Friday Findings

Letters to a Young Madman: A Memoir

Cover: Letters to a Young Mad Man
Letters to a Young Mad Man

When Paul Gruchow first started putting Letters to a Young Madman together, he wondered how his disjointed journal entries, quotes, and medical research could work to create something coherent and meaningful. Though every entry contains a different experience, a different thought, a quote that Gruchow could relate to, any reader of this book is able to clearly understand the message that Gruchow is sending.

Nichole Meier reviews this memoir of depression, which, she writes, allows readers not only to understand but also to empathize with the author’s experiences.

Bureau of Missing Persons: Writing the Secret Lives of Fathers (review)

In Bureau of Missing Persons: Writing the Secret Lives of Fathers, Roger J. Porter sets out to explore a subgenre of life writing he labels “€œThe Child’s Book of Parental Deception.” In this book, Porter reviews a range of autobiographical narratives written by adult children who seek to discover the secret lives of their fathers. His analysis focuses on the story as well as on the means by which the story is investigated, researched, and constructed.

Early in the book, Porter seeks to distinguish these life stories from other memoirs, claiming they are emancipatory in nature (7) rather than stories written from memory, or by survivors of abuse, or those who are traumatized in some way. He describes these narratives as texts that blur the line between biography and autobiography. Porter does not always seem to agree with his own claim, however, and he frequently refers to the books he reviews as memoirs or puts them in the context of research on memoirs. Later in his book, Porter notes that some of the authors find writing to be therapeutic as they veer between bitterness and reconciliation, affection and resentment.

Female Rock Stars and Addiction in Autobiographies

ABSTRACT
AIM – This article analyses addiction and rehabilitation as described in the autobiographies,memoirs and diaries of famous female rock artists. The article shows how female artists portray rock culture, addiction and causes to addiction. MATERIAL – The data includes 16 autobiographicalbooks published between 1982 and 2010. These books were published first in English. Femaler ock artists are marked as the first authors, and all of the books use first-person narration. METHOD – The analysis relies on thematic qualitative analysis and narratology. Data were encoded for addiction, object of addiction, rehabilitation and type of recovery from addiction. Gender was analysed as a separate category. In addition, narrative strategies used in the books were analysed. RESULTS – Addictions and rehabilitation are prevalent themes in autobiographical rock books written by female authors. Many authors write about their personal experiences of addiction and rehabilitation. Those authors who do not portray their personal problems with alcohol or drugs write about staying sober as a way of coping in the male-dominated rock world. CONCLUSIONS– Rock ’n’ roll mythology is changing. Rock artists no longer celebrate their excesses, but rather write about their negative experiences with alcohol and drugs. Rock narratives by female stars portray social and gendered settings which lead to addiction.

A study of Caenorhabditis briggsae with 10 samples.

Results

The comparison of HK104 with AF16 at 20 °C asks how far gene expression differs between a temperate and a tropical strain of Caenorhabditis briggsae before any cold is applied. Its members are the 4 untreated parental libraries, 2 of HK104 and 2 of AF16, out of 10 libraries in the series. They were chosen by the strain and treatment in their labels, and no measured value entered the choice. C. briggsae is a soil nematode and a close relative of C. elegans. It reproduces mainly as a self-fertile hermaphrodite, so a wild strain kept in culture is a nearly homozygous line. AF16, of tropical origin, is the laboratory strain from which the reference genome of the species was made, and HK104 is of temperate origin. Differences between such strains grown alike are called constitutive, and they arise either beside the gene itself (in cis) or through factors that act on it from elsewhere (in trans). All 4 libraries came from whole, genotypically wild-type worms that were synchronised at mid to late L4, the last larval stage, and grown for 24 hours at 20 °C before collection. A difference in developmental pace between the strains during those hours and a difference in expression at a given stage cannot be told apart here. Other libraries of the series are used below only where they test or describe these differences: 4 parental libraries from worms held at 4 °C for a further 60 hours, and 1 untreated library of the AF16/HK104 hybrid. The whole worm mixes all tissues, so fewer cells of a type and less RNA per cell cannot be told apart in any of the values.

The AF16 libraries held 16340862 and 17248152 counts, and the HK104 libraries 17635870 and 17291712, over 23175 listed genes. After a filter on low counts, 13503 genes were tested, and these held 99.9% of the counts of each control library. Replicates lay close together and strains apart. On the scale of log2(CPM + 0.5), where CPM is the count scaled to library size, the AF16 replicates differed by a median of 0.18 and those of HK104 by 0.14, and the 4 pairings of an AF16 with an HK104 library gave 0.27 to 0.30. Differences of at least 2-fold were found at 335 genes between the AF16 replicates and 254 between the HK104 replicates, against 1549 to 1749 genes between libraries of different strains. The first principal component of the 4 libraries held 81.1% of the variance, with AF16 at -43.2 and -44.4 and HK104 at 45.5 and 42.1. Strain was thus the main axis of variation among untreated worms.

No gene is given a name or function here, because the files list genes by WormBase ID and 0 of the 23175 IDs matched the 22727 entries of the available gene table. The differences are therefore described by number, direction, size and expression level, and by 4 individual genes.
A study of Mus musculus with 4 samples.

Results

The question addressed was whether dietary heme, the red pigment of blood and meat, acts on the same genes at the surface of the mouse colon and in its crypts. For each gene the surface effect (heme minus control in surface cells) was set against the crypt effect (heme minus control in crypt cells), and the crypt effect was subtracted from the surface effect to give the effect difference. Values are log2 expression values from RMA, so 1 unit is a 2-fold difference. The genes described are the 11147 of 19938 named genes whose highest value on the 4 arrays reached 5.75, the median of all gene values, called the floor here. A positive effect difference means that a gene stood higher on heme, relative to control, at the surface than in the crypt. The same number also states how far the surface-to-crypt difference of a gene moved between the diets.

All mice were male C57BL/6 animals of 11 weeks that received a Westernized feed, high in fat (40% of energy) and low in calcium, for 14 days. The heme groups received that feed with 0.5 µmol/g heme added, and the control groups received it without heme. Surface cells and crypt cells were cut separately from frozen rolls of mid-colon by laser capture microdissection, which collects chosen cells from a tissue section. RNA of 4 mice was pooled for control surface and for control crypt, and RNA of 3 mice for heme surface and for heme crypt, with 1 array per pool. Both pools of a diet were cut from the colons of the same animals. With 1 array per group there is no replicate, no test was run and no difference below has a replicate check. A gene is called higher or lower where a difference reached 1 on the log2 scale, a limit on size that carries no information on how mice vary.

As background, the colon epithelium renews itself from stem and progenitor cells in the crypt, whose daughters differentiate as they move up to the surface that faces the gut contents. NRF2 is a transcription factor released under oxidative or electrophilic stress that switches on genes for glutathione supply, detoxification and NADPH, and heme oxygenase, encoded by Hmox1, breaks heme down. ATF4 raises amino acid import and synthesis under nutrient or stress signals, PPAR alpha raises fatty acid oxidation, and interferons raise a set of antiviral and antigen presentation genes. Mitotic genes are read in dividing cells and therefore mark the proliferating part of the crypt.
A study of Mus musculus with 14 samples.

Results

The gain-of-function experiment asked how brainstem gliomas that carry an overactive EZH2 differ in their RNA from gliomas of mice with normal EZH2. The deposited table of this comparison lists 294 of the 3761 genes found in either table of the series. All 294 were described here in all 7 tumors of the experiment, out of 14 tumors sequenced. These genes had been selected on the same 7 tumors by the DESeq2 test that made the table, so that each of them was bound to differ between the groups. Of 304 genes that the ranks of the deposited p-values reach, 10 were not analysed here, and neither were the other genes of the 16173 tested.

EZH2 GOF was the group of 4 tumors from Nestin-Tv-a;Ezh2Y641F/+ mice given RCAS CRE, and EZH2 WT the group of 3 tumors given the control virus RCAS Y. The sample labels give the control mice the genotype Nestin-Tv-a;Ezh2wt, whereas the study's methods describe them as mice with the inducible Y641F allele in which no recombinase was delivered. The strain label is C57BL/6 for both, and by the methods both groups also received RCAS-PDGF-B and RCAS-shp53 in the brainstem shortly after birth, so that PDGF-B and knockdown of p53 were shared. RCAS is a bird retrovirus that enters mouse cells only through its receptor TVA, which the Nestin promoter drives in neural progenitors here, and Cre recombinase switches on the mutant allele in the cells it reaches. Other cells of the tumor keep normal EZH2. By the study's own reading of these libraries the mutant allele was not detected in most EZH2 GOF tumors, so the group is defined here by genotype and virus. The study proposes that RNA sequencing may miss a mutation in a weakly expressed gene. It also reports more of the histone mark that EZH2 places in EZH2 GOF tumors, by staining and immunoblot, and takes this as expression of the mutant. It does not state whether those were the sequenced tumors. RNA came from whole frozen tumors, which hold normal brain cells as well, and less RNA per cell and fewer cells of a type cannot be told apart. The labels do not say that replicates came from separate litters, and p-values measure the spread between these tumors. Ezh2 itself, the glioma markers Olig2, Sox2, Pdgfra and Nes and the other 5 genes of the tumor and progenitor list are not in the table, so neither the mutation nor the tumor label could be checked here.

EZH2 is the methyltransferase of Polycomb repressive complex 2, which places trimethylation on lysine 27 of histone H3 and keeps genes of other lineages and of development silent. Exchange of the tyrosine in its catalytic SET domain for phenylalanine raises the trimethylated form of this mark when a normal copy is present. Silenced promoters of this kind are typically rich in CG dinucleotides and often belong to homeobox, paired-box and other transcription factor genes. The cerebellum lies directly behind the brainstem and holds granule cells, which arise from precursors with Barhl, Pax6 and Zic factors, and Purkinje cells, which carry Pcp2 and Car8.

This is a rare instance in which you can read this entire scholarly journal article by Atte Oksanen. If you’ve ever wondered how researchers analyze texts such as memoirs, you’ll find out here.

Obama Seeking to Boost Study of Human Brain

The Obama administration is planning a decade-long scientific effort to examine the workings of the human brain and build a comprehensive map of its activity, seeking to do for the brain what the Human Genome Project did for genetics.

Read about research that many hope will lead to better ways to combat illnesses such as Alzheimer’s disease and Parkinson’s disease.

Why Confusion Can Be a Good Thing

We all know that confusion doesn’t feel good. Because it seems like an obstacle to learning, we try to arrange educational experiences and training sessions so that learners will encounter as little confusion as possible. But as is so often the case when it comes to learning, our intuitions here are exactly wrong. Scientists have been building a body of evidence over the past few years demonstrating that confusion can lead us to learn more efficiently, more deeply, more lastingly—as long as it’s properly managed.

Annie Murphy Paul explains three ways in which “deliberately induced confusion” can aid in learning.